After September 11th several friends called, asking if I was still a pacifist. Others asked the same question following the savage attacks against Israelis in Haifa and Jerusalem. When Naomi Goodman and I co-edited the book, The Challenge of Shalom: The Jewish Tradition of Peace & Justice in 1994, we tried to answer those who asked how it was possible for a Jew to be nonviolent after the Holocaust, in a world still committing monstrous acts of violence.
My personal response is that in religious, secular and practical terms I remain a pacifist, a Jewish pacifist no less. In the long run, nonviolence has a far better chance of maintaining peace than B52s, cluster and daisy cutter bombs and a very lucrative weapons industry. And where Israel and Palestine are concerned, the never-ending reprisals and retaliatory raids have led to nothing but sheer hell for all parties.
Pacifists know very well why wars begin and how hard it is to stop once underway, when appeals to uncritical patriotism drown out and stigmatize critics. We aren’t “passiv-ists” but are instead activists opposed to killing, including those motivated by religious zealotry and governments. I and we know very well the role economic greed, arms races, imperial triumphalism, diplomatic myopia, hypocrisy, lies, and religious and ideological fanaticism has and still plays. That we recognize it, is one thing. That few, if any, listen to our alternatives before the shooting starts, is quite another. Still, we are always asked no, challenged during wartime: What would you do NOW? This was true again after the calamitous attack on the World Trade Center.
I do not have the answers that would bring these killers to justice, end worldwide terrorism and bring about peace and justice. But neither do bellicose and sheltered Washington-based syndicated columnists, politicians, neoconservative hawks and 24/7 cable station screamers. I certainly understand why many otherwise decent and outraged Americans want to punish the 9/11 murderers and that “love” is hardly a prescription for the world’s ills. Yet for those who were queasy about the war and possible future escalation, merely to raise questions in traditional media about the attack and past and present American policies has become taboo. Those who do have been excoriated in varying ways for daring to voice differing opinions.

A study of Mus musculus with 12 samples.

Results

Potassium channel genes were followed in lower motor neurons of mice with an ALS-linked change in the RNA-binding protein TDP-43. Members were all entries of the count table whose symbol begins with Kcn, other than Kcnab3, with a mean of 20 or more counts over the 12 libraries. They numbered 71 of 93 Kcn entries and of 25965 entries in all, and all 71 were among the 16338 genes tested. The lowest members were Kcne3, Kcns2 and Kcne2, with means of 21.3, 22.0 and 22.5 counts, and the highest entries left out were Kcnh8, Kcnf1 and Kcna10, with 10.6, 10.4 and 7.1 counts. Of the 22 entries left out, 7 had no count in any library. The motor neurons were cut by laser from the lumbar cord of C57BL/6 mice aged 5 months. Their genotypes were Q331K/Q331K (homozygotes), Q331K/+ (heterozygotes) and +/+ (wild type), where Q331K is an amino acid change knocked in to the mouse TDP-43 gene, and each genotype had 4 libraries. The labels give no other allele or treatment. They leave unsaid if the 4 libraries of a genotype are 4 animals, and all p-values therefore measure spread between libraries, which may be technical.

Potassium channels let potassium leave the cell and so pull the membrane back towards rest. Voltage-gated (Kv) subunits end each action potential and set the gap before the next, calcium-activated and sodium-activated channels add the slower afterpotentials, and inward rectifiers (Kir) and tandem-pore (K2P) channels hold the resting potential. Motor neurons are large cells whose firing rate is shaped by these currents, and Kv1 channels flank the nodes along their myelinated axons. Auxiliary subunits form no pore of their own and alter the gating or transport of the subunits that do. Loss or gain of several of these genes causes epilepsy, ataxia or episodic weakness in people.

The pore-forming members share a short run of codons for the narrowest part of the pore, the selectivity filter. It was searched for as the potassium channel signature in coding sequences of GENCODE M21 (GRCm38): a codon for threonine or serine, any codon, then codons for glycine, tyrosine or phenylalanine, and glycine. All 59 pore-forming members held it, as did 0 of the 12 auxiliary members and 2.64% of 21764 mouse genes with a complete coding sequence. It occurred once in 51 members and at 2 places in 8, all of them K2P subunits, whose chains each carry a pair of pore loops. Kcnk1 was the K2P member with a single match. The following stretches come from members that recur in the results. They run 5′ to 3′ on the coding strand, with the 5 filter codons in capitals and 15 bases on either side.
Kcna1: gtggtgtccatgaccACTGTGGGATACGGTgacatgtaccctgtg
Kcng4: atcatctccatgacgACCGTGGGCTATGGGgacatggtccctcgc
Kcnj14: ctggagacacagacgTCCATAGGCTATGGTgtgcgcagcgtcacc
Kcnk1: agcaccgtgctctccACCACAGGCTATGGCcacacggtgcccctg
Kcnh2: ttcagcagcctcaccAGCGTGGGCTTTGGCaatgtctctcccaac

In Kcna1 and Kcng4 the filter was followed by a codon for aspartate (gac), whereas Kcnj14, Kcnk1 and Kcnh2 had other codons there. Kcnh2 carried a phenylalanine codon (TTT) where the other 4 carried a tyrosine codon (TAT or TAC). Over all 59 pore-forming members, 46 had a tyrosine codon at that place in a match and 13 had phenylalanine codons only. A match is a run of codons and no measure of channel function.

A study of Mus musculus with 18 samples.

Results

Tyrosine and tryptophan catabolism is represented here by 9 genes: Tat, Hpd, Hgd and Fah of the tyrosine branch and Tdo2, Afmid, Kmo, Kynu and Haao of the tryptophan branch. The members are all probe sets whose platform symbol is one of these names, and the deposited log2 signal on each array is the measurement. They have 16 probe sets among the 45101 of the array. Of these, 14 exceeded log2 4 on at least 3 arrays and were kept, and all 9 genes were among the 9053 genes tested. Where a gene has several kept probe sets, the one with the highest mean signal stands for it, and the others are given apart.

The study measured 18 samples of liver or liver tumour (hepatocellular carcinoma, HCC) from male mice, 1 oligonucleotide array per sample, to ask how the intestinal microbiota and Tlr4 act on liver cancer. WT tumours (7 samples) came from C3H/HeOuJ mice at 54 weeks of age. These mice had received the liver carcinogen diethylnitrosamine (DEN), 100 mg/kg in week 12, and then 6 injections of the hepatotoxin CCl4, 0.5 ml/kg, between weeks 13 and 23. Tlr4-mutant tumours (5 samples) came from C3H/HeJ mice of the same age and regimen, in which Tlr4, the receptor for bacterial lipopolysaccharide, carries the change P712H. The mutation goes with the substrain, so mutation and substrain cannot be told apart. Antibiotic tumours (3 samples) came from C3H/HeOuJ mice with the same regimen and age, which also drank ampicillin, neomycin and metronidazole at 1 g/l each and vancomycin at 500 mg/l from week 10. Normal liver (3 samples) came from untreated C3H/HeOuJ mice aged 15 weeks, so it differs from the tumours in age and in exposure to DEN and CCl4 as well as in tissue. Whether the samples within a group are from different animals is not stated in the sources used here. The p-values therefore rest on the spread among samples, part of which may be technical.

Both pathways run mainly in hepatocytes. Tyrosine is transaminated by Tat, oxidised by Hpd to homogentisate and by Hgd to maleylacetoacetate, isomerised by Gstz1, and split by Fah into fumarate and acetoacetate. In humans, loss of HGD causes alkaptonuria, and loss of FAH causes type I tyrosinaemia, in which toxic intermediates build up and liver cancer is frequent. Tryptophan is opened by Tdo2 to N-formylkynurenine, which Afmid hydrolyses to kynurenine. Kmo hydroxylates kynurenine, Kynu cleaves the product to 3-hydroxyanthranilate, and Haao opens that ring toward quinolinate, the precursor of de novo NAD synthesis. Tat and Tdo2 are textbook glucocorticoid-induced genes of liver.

I ask: Can America’s military might actually cleanse the world of terrorism? Hard-line war hawks in Washington many of whom have never even served on active military duty think so. They are articulate, have exceptional access to the media and are savvy about the Byzantine world of Washington politics. They demand that President Bush avoid repeating his father’s role in not going after Saddam Hussein in the Gulf War. With impunity, Washington-based warriors criticize Colin Powell and others seemingly reluctant to invade Iraq, while many mainstream editors and TV producers have generally ignored dissenters, pacifist and non-pacifist alike. If our homefront hawks have their way, who’s next? Iran? Syria? Libya? Somalia? Sudan? Yemen? North Korea? America’s potent military is quite capable of destroying a lot of terrorists (and a lot of guiltless civilians too) but may very well create a new generation of terrorists.
Sadly, with few honorable exceptions, the mass media seems to have become a transmitter of government statements. Small wonder, then, that for a long time relatively few Americans have heard or read little of options from right and left and pacifists too that might have prevented some of our wars, including those we’ve armed and supported, as, for instance, in Central and South America.